How Do You Know Who Was At Fault for a Car Accident?

Car Accident
Car Accident

Behind every car accident, there is someone who is at fault. In some cases, it can be obvious who caused the crash. For example, if you are stopped at a red light and a driver crashes into the rear of your vehicle, they will be responsible.

In other situations, the negligent party may be less obvious, especially if multiple vehicles are involved. It then must be determined who is to blame.

What to Know About the Modified Comparative Negligence Laws in Texas

In Texas, auto insurance follows a fault-based system. This means that the person who caused the accident will be liable for paying for the financial losses and damages of the victims of the wreck.

However, the state also follows the modified comparative negligence law. This means that any driver found more than 50% at fault is barred from recovering compensation. On a positive note, you can still collect compensation for your claim if you are assigned less than 50% of the blame. Unfortunately, this means the amount you recover may be significantly diminished.

What the Police Say

Calling the police will be one of the first things you should do after an accident. They will fill out a police report and examine the physical evidence. They will also speak to any witnesses and record anything noteworthy to piece together what happened.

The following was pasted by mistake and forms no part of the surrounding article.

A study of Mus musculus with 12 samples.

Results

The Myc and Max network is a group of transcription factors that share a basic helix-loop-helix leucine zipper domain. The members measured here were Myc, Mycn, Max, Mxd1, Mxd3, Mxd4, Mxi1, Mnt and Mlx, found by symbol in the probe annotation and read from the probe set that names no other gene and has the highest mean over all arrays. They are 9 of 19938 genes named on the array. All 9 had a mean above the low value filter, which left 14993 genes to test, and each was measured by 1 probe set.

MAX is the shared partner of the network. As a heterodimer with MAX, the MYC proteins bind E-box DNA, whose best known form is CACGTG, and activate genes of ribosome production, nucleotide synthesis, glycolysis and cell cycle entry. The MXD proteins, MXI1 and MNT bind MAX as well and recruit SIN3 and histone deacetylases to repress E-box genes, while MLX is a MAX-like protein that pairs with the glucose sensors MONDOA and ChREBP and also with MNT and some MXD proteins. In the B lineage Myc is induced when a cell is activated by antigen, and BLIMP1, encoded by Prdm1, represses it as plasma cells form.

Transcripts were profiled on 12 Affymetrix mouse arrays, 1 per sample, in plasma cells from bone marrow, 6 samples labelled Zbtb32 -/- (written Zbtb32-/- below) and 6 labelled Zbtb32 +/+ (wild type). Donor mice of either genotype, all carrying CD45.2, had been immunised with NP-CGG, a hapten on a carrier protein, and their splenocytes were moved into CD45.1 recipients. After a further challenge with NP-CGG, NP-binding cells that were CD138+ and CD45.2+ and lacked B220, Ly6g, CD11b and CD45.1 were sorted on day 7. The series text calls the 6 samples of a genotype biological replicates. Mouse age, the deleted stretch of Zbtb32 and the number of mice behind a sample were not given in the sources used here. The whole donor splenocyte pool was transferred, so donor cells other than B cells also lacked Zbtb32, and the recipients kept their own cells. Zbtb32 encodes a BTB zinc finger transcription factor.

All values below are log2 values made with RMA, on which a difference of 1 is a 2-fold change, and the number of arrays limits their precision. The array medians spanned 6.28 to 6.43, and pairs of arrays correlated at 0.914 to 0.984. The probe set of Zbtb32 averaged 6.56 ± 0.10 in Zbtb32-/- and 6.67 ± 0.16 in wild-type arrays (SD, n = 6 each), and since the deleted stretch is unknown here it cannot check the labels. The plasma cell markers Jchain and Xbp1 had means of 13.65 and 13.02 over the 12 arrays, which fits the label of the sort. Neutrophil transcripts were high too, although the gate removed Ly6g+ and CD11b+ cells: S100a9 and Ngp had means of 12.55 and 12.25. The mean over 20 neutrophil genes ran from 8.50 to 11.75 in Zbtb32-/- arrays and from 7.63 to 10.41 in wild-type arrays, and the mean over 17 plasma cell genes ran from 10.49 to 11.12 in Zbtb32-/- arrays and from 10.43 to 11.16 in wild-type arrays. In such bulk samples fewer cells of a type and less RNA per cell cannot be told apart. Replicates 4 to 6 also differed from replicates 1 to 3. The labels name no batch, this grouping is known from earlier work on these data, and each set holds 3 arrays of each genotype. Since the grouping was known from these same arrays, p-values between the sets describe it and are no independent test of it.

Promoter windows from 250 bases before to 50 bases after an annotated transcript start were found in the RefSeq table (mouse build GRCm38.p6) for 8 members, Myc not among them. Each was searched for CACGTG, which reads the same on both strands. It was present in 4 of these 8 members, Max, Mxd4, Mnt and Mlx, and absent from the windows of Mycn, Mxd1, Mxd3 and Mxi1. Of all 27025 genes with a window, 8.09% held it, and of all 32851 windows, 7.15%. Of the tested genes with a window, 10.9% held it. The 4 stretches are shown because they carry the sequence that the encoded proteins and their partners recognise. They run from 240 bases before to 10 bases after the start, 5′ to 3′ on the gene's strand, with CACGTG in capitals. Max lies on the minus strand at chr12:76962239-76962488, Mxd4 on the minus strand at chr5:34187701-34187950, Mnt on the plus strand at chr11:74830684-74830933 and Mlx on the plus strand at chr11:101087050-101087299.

While some police officers will state who caused the accident on the report, many reports do not assign a determination of fault. Even if they do, the driver who they blame isn’t automatically held legally liable. If the other driver was issued a citation for their negligent driving, this may be used as evidence along with any photos, videos, and witness statements.

What the Insurance Companies Say

After you’re in an accident, you need to notify your insurance company, even if you didn’t cause the accident. An adjuster will take over the investigation and verify all provided details. Then, a determination will be made as to who they believe to be at fault.

This is where the modified comparative negligence law will come into play. The adjuster will let you know if they’ve assigned you any percentage of the blame or if their investigation has revealed the other driver was completely at fault. It’s important to note that this isn’t the final ruling for determining who is at fault in an accident.

What the Courts Say

If you believe you are being assigned more fault than you deserve or you’re not being offered a fair settlement for your damages, you can file a lawsuit. The court will then determine who was at fault by considering all the points that compose negligence.

The court will listen to both sides and review all evidence. Either a judge or jury will make the determination of fault based on what was presented during trial. While the police and insurance determinations may be considered, they do not control the outcome of the car accident case.

One thing to note is that if the police issued a traffic citation to the other party, the court may find that this proves negligent behavior. The ruling could then be in your favor since the ticket shows the other driver’s carelessness caused the crash.

Ask a Car Accident Attorney

In every car accident, a car accident lawyer will be the one to protect your best interests and help you navigate this complicated legal process. You should sit down for a free initial consultation to get valuable legal advice about how to proceed with your claim. Car accident attorneys know what the courts look for and can let you know if they believe your case is strong enough to be successful.